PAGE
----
Bangladesh has always viewed Thailand as a reliable and credible friend. Since our independence, both countries have enjoyed an amicable relationship. And as both countries share a regional platform like BIMSTEC, one would expect them to have a fruitful trade partnership.
The bilateral trade between these countries has grown in recent years, especially in the commodity market. In 2018 and 2019, Thailand held a four-day long trade fair at Dhaka. It was extremely fruitful as many Thai businesses, along with top Thai brands participated in it.
As a result, according to the Bangkok Post, Bangladesh has become the third largest trade partner of Thailand in south Asia. In 2018, the annual bilateral trade was worth $1.25 billion. That figure actually declined by almost 17% in 2019.
Both countries are now working on a free trade agreement to bolster trade. To address bilateral concerns, a joint trade commission (JTC) has been set up.
In its meetings, Bangladesh has been asked to increase its investments in Thailand. On the other hand, Thailand has agreed to increase Bangladeshi exports into the country.
Most of the bilateral trade has so far been dominated by Thai exports. For example, in the first 11 months of 2019, the value generated from trade was $980.41 million, $905.1 million of which was from Thai exports.
This figure includes the importation of electrical equipment, electronics, iron and steel, organic chemical products, cement, cereals, plastics and articles thereof, man-made staple fibres, sugar and sugar confectionery, machinery and mechanical appliances, cotton and cotton fabrics, synthetic fibre and cotton.
Meanwhile, Bangladesh mainly exports leather and leather products, medicines, marine fish and other animal products, paper and paper pulp, soap, articles of apparel, plastic products and rubber products, electrical & electronic equipment, made textile articles, products of animal origin, vegetable textile fibres, fish and crustaceans, etc.
Even though the country has sought Bangladeshi investment, there are not significant Thai investments in Bangladesh either. According to BEPZA and BEZA of Bangladesh, Bangladesh is building 100 free economic zones for foreign investors. It is also providing "one stop service" for foreign investors.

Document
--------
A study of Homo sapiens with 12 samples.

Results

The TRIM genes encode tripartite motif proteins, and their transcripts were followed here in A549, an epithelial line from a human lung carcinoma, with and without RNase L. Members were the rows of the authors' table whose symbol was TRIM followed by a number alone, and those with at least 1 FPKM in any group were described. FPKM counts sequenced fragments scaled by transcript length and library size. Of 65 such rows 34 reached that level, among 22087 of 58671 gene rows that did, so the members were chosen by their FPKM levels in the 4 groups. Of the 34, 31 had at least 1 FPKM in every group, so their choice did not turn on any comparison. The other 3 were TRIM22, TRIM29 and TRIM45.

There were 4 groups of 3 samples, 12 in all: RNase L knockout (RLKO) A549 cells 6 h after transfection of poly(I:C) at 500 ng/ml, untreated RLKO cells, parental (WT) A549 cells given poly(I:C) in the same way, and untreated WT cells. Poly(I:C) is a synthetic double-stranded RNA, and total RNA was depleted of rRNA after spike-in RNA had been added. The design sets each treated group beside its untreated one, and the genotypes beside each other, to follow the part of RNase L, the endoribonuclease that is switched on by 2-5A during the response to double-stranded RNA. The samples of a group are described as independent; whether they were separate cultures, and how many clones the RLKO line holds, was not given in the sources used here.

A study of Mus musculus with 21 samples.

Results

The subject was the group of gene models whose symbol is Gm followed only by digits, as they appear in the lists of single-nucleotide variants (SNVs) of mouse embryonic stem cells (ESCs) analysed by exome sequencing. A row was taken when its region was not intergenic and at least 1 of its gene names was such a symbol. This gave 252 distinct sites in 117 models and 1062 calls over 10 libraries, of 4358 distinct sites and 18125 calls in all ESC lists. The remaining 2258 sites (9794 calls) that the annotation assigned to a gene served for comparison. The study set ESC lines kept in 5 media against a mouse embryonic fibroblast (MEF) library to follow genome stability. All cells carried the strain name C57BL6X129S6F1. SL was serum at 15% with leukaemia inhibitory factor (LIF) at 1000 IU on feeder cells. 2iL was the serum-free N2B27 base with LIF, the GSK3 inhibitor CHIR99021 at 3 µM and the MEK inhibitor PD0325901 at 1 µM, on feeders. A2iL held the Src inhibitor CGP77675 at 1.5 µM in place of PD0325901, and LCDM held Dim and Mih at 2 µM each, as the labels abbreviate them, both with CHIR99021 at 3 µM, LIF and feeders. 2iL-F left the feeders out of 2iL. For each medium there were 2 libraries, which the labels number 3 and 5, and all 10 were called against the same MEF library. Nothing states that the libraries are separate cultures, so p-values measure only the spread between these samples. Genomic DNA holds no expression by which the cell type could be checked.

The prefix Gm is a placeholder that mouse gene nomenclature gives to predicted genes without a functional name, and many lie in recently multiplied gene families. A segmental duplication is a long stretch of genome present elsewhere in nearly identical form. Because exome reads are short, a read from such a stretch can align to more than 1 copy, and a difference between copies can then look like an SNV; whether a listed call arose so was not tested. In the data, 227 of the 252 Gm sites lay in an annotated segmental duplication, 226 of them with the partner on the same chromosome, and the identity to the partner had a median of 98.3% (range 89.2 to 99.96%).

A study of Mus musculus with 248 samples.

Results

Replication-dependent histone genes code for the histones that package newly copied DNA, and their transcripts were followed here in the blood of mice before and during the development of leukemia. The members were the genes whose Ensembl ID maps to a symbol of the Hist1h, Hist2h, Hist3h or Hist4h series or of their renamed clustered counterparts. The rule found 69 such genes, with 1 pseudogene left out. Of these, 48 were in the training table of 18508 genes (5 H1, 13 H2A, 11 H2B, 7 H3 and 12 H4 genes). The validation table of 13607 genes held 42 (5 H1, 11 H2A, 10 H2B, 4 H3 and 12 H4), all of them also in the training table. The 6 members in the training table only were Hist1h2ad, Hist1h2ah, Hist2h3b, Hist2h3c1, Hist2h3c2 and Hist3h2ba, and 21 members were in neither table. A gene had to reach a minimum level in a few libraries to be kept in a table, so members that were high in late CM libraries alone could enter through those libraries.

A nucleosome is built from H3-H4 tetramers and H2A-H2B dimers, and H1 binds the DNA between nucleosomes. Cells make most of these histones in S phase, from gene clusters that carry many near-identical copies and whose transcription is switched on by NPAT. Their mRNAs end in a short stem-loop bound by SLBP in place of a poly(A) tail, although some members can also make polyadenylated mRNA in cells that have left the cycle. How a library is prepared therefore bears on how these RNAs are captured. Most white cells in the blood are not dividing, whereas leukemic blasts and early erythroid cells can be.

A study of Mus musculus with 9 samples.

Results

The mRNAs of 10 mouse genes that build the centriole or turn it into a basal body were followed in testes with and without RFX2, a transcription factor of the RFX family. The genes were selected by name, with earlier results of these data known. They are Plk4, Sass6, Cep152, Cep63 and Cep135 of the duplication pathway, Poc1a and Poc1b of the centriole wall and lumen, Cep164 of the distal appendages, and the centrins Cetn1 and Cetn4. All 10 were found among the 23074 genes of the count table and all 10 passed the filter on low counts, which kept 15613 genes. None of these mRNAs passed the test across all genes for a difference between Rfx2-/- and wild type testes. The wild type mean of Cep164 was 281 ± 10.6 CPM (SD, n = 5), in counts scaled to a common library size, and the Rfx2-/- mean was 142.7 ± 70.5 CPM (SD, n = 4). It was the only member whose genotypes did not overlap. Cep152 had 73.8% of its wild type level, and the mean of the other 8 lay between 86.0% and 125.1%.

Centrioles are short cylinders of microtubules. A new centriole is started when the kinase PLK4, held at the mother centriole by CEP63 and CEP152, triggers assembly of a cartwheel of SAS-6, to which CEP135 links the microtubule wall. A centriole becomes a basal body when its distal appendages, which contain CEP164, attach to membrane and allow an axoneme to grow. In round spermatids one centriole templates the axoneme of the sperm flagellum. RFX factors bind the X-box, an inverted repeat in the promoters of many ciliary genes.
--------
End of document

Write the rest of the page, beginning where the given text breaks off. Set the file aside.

With the vast amount of economic and infrastructural development in the last decade, Bangladesh should now be a prime target for Thai investors.
To make our country more lucrative, the government is considering allocating land to establish a Special Economic Zone (SEZ) for Thailand.
Potential investors can also invest in energy production, regional connectivity and in the services sector of Bangladesh. Tourism is also suited for Thai investments, especially considering the expertise Thai investors would bring to Bangladesh's market.
Mutually beneficial terms must be included in the probable free trade agreement. Bangladesh has sought duty-free facilities for medicines, leather goods, jute and jute textile fabrics, textiles made of jute yarn, knitted and woven shirts, T-shirts, knitted garments, women's towels, cotton shirts from the Thai government.
China, India, Vietnam and Indonesia export huge quantities of garments to Thailand every year with duty-free facilities. As one of its most significant trade partners, Bangladesh should also get this benefit. It will also go a long way to reduce trade inequality between both countries.
Bangladesh is a rising economic powerhouse. It can serve as a potential hub for Thai trade with the larger south Asia region. The Matarbari deep seaport and Cox's Bazar airport will be crucial for increasing the connectivity between these two nations.
A mutually beneficial free trade agreement will not only galvanise both economies, it can also open doors previously unseen. Both countries must earnestly pursue economic cooperation to maintain the prosperity of both nations.
Pathik Hasan is a Dhaka based researcher and columnist.
Disclaimer: The views and opinions expressed in this article are those of the authors and do not necessarily reflect the opinions and views of The Business Standard.